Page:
ST. ANTHONY, NL – Political leaders are expressing sadness at the announcement the Grenfell Co-Op will be closing after 105 years in business.
For St. Anthony mayor and chamber of commerce president Desmond McDonald, his biggest concern is the job loss.
The Grenfell Co-Op employed 17 positions – now all gone.
“My hope is they’ll find employment elsewhere, rather quickly,” he said.
“The board, the employees there, put in a lot of time. They worked hard to keep it going through the tough times. And unfortunately, they weren’t able to turn it around.
“A lot of kudos goes out to those guys, they have to be thanked because of what they did to keep the doors open to the Co-Op.”
According to McDonald, losing a business like the Grenfell Co-Op has an effect on the whole community– especially a business that’s been established for 105 years.
“It’s sad to lose touch with a part of our history,” he said. “And to know this was a community organization versus a corporate entity – you lose part of your community spirit when stuff like this happens.”
He said the Co-Op was a huge supporter of community charities that will now have to find another source to be able to operate.
St. Barbe-L’Anse aux Meadows MHA Christopher Mitchelmore released a statement to the Northern Pen over Facebook on the closure of the Grenfell Co-Op.
“The Grenfell Co-Op was a fixture in St. Anthony for more than a century, since the days of Dr. Grenfell. I want to thank the board, management, staff and loyal members for contributing to the Co-Op’s success and also in recent years relaying the dire situation of the need for members to support the Co-Op,” the statement reads.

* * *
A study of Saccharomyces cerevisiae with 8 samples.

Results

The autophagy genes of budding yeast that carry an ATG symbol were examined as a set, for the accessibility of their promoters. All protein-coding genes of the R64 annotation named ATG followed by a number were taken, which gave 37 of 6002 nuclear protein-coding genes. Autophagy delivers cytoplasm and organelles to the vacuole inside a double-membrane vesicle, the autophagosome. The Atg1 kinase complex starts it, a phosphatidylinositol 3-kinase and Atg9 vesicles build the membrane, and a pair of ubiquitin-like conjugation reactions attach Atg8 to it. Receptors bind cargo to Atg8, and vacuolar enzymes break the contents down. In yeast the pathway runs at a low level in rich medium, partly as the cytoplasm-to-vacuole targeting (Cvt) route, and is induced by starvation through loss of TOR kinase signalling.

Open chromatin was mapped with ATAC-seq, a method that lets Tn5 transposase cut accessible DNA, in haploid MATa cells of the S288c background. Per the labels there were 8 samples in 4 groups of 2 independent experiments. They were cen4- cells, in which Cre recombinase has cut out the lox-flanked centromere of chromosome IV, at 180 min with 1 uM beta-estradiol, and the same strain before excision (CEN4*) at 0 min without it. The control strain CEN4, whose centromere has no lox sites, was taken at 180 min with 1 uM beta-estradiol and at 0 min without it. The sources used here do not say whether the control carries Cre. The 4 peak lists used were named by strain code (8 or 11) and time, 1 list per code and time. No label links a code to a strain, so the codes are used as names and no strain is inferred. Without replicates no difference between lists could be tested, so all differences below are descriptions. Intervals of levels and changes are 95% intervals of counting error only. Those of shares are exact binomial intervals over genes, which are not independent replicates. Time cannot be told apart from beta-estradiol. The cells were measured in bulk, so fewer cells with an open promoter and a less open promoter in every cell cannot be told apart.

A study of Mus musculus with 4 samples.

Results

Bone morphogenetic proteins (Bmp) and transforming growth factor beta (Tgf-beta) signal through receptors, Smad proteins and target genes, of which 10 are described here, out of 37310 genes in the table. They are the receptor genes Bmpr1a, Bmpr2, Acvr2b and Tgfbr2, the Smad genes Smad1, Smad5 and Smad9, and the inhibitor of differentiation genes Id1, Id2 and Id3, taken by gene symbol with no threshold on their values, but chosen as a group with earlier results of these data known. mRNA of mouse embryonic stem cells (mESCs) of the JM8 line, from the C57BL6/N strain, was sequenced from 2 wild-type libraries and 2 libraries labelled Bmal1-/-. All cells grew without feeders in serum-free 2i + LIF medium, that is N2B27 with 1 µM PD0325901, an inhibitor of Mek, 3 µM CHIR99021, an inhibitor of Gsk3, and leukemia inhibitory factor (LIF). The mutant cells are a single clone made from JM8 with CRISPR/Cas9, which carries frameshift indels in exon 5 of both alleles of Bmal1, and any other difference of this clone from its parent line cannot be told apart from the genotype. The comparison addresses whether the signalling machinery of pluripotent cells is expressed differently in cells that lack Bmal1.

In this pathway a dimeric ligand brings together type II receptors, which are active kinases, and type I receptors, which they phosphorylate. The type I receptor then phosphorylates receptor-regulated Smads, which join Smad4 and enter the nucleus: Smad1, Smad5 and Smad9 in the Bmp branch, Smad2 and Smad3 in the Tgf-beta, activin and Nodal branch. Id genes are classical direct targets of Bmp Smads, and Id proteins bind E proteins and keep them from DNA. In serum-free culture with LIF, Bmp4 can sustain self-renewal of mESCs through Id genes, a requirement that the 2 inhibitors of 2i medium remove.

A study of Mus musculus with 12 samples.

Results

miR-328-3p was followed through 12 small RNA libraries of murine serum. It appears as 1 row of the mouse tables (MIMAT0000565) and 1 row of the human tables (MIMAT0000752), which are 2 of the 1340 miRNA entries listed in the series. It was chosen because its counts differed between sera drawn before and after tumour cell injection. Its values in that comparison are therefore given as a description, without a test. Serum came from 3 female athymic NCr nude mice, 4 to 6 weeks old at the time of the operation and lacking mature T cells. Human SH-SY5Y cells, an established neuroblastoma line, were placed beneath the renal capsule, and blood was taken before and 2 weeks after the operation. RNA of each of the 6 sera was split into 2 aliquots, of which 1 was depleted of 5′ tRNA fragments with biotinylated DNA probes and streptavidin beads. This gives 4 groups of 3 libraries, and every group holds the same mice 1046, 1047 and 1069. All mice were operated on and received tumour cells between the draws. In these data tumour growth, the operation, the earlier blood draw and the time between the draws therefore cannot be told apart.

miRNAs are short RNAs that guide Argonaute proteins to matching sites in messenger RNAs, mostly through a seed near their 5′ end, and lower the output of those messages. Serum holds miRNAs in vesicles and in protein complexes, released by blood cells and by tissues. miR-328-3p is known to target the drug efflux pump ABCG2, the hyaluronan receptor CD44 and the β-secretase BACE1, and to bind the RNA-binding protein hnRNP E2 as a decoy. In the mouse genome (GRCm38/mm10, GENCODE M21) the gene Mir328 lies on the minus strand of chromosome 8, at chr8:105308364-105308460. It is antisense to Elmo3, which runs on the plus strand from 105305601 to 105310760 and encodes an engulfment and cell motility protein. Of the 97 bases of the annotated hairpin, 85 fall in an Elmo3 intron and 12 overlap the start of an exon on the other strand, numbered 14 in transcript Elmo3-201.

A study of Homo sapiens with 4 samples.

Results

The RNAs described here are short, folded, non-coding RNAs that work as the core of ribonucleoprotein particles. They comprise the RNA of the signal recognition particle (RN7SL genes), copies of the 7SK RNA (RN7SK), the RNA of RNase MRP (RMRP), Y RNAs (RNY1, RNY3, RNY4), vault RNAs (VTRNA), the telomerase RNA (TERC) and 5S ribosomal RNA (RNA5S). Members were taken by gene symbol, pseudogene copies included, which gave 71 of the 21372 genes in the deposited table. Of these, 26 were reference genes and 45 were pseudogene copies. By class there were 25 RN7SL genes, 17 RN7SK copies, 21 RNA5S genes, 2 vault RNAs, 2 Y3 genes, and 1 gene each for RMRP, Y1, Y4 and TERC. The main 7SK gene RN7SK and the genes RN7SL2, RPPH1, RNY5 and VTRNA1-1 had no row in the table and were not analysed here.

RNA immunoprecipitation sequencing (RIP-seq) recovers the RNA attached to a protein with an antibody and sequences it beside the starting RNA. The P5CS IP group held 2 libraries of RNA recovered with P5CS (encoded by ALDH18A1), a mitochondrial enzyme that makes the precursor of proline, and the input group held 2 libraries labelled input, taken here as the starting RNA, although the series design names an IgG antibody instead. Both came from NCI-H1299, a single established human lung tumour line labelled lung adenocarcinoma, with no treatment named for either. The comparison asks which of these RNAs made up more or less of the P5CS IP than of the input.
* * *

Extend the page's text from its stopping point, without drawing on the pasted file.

“It is certainly sad to see the oldest retail Co-Op in Canada set to close.”
Mitchelmore advised former employees they could receive assistance from one of the government departments.
“The Department of Advanced, Education, Skills and Labour in St. Anthony can help assist employees that are impacted through resume writing, job search, career counselling and re-training opportunities,” he said.
Both McDonald and Mitchelmore noted the business couldn’t operate without a stronger consumer base.
“Customers chose not to support the Co-Op, they chose to support its competitor,” said McDonald. “That’s the nature of business sometimes.”
“There are tremendous benefits to co-operatives, but they can only exist with the support of their membership,” said Mitchelmore.
Now, McDonald and others in the community are concerned the competition will be able to increase prices.
“If food rises, and we’re expecting a hike in electricity rates, and with that comes inflation on everything, how do people on fixed incomes survive these changes?” he asked.
“We may not see an increase in food prices. You might just have your regular inflation rate and that’s it. But competition drives businesses to be more competitive and offer deals. Now, we’re in a situation where that may not be necessarily the case. But we’ll see.”
He points out there are a lot of communities in the province with one grocery store and they seem to be doing fine.
McDonald says the town hasn’t received any interest from any outside chain or franchise to start a grocery store in St. Anthony.